Victoria Armstrong discusses recent developments on hyperlinking and the European Commission’s proposals for a digital single market.
September was a fascinating month for copyright lawyers, with a noteworthy decision on hyperlinking from the Court of Justice of the European Union (“CJEU”) and the unveiling of the European Commission copyright package for the digital single market.
On 8 September the CJEU delivered its decision in GS Media, C-160/15 that posting a hyperlink to copyright work that is freely accessible and has been published on another website without the author’s consent does not constitute a communication to the public (as long as the poster does not seek financial gain and acted without knowledge that those works had been published illegally). This decision has taken some content owners by surprise in light of its departure from the previous decisions in Svensson, C‑466/12 and Bestwater, C-348/13. Furthermore, the decision seems to suggest that, in hyperlinking cases at least, primary copyright infringement should be a matter of the Defendant’s state of mind, a concept which is at odds with the current copyright system in England and Wales.
Separately, the European Commission has published its long-awaited proposals for the modernisation of the European copyright system. The proposals, which include a new Directive on copyright in the digital single market and a new Regulation on the rules relating to online transmissions and retransmissions, aim to bring in clearer rules to assist with content availability online.
Amongst the Commission’s proposals is a new negotiation mechanism that will assist with the conclusion of licensing agreements to make audio-visual works available on video-on-demand platforms. In response to the so-called ‘value gap’ between the usage of music on digital services such as YouTube and the revenues ultimately received by rights holders and musicians, the Commission has proposed an obligation for services hosting large amounts of user-uploaded content to create “appropriate technologies” to identify copyrighted content, and to provide rights holders with more information on how that technology works and how effective it is.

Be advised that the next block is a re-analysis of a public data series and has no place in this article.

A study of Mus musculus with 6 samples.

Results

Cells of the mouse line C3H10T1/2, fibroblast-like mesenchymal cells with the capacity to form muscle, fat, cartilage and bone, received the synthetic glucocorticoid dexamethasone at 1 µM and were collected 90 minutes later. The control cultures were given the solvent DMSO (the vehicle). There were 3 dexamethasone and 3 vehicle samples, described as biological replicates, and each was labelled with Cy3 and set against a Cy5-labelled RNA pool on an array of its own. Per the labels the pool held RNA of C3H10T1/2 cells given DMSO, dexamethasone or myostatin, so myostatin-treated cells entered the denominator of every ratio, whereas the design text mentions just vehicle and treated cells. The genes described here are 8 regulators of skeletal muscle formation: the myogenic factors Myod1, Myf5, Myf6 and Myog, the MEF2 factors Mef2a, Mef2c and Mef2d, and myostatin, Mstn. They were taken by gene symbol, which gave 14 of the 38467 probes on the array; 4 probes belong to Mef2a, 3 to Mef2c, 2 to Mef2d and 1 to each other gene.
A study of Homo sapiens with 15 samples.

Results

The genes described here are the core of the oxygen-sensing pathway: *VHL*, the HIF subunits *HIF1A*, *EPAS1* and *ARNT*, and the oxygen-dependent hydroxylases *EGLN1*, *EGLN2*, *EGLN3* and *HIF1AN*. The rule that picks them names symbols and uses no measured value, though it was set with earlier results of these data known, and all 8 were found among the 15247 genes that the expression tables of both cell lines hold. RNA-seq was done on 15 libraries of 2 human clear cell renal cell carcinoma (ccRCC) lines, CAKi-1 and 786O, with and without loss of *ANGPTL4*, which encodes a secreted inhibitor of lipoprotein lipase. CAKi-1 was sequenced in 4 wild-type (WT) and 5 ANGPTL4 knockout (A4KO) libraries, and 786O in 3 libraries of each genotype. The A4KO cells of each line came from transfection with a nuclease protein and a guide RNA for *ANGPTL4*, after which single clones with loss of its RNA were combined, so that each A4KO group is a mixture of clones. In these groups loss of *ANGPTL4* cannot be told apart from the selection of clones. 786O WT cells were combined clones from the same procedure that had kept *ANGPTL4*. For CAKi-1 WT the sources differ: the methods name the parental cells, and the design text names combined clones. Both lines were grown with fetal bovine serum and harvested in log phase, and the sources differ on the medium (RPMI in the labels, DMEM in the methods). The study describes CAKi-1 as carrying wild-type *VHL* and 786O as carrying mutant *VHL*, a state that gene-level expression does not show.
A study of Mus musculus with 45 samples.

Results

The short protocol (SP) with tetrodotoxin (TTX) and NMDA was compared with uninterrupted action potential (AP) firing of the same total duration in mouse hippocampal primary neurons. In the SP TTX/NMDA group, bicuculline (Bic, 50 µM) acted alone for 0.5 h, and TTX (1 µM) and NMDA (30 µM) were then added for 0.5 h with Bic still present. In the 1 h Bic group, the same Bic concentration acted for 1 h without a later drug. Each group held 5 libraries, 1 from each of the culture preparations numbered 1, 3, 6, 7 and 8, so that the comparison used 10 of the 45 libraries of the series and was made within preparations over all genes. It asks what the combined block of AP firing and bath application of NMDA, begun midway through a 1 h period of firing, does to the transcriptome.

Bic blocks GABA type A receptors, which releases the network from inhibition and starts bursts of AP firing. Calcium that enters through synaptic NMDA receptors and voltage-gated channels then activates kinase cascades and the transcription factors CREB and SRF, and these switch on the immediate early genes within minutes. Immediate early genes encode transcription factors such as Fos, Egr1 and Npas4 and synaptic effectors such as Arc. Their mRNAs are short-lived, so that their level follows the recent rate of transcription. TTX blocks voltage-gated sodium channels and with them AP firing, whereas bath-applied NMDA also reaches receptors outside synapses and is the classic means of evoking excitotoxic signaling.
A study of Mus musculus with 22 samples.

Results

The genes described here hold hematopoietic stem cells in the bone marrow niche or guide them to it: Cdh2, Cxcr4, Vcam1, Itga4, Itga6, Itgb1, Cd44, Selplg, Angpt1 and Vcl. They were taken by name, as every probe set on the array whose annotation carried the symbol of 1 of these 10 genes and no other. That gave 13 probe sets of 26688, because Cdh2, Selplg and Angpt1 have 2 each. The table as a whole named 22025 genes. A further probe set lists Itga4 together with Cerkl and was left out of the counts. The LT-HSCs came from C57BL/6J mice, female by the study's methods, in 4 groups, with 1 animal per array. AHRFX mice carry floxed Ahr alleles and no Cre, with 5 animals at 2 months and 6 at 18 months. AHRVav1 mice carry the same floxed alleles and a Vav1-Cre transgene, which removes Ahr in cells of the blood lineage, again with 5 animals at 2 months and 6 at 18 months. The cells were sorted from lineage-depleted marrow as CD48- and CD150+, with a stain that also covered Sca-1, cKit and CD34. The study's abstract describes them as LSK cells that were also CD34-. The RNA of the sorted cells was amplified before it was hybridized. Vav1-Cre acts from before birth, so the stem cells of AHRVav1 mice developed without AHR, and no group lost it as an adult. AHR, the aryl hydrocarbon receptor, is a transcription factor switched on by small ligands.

In the wake of the publication of the Commission’s proposals, various stakeholders have come forward with their comments. The Publishers Association, for example, has noted that “this is a sensible set of proposals which recognises the role of both publisher and author within the copyright framework”, whilst PRS for Music has stated that “PRS for Music welcomes the Commission’s recognition of the critical ‘transfer of value’ issue and we acknowledge the clear intention to redress the current imbalance of interests between user upload platforms and rights holders…”. Meanwhile, Google says there are “things to like” in the proposal, but has claimed that some aspects “effectively turn the internet into a place where everything uploaded to the web must be cleared by lawyers before it can find an audience”.